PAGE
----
With a Note from the Boss, Illegals in Kansas Get Tax Refunds

By on March 21, 2017
The state of Kansas' finances are in tatters, but it nonetheless explicitly allows illegal aliens, using criminally obtained Social Security numbers, to receive state income tax refunds. There is a minor catch — the SSN thief has to have a note from his or her employer if the use of the bad SSN is noticed by Kansas tax collectors before the refund can be paid.So, on one hand, an illegal alien worker who uses a phony SSN can get money from the state, money that might have gone to the state's beleaguered schools, while simultaneously a double standard has been set for employers: A knowing employer of an illegal can preserve a tax benefit for his illegal workers (thus lessening pressure on him to raise wages) while the unknowing (and perhaps innocent) employer of other illegals gets no such indirect benefit.

Academic Freedom and the Economic Impact of the H-1B Program

One of the virtues of working with some very big organizations is that they can produce excellent economic research on, say, the H-1B program, while ignoring the organizations' own extensive use of that very same program. Harvard University, for example, employs George Borjas, who is highly critical of the H-1B program and has been for years, even though Harvard itself hires large numbers of H-1Bs. For his latest take on H-1B, and how it would fare in Congress if it covered lawyers as well as techies, see here.

EB-5 Takes Two (Unpublicized) Body Blows with Bi-Coastal Overtones

The EB-5 (immigrant investor) program took two body blows, neither well publicized, earlier this week, after taking a drubbing in a House Judiciary Committee hearing last week. This week's reverses both had bi-coastal angles. In the first, yet another EB-5 fraud case emerged in the state of Washington; it was announced (and denounced) by the Securities and Exchange Commission (SEC).

Foreign Worker Visa Fees Shouldn't Subsidize Labor Market Abuse

One of the management tools potentially available to the government in the immigration field is the size of the fees that it charges for adjudicating employer petitions. At the very least, the size of the fees should meet the standards of the law (31 USC 9701), which I discuss below, and should not encourage the overuse of foreign workers to the detriment of resident workers. The past administration did not accept the second concept at all, but perhaps the new one will.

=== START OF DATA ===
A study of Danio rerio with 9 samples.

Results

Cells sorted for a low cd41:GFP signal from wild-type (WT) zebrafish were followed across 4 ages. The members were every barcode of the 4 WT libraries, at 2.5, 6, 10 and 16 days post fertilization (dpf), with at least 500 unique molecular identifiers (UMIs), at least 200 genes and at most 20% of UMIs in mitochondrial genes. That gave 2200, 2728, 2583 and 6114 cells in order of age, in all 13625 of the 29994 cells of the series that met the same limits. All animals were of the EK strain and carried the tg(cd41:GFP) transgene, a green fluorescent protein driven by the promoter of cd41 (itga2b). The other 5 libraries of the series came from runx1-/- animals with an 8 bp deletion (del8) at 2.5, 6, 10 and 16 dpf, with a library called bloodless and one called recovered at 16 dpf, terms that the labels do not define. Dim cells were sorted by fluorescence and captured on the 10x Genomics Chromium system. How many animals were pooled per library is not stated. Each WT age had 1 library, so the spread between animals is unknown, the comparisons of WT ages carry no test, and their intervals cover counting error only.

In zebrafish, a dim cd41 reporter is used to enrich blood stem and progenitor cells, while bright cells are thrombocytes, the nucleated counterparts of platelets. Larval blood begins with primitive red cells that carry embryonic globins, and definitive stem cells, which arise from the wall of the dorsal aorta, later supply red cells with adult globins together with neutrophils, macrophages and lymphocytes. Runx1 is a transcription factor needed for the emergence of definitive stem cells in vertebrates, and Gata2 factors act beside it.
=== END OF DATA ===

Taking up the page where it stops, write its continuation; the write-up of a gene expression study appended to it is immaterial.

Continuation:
Winning in Court Often Does Little for the Opponents of Immigration Abuse

While it is good that some citizens and corporations are hauled into court for immigration violations, all too often — despite the nature of their actions — the violators get off with slaps on the wrist.While there are countless cases of this kind, let me touch on just one recent criminal case and one recent civil case, both in the federal courts, and the unfortunate decision pattern of an obscure agency with an interesting name, the Office of the Chief Administrative Hearing Officer (OCAHO) in the Department of Justice.

Coded Signals from USCIS, on a Friday afternoon, about H-1B and EB-5?

Perhaps I am wrong, but I think the new leadership of U.S. Citizenship and Immigration Services sent us coded messages Friday afternoon about the Trump administration's plans for the H-1B (alien worker) and the EB-5 (immigrant investor) programs. Friday afternoon is the classic timing of government announcements when the government does not want them to secure too much attention. I know, because in a previous life I, too, played that game.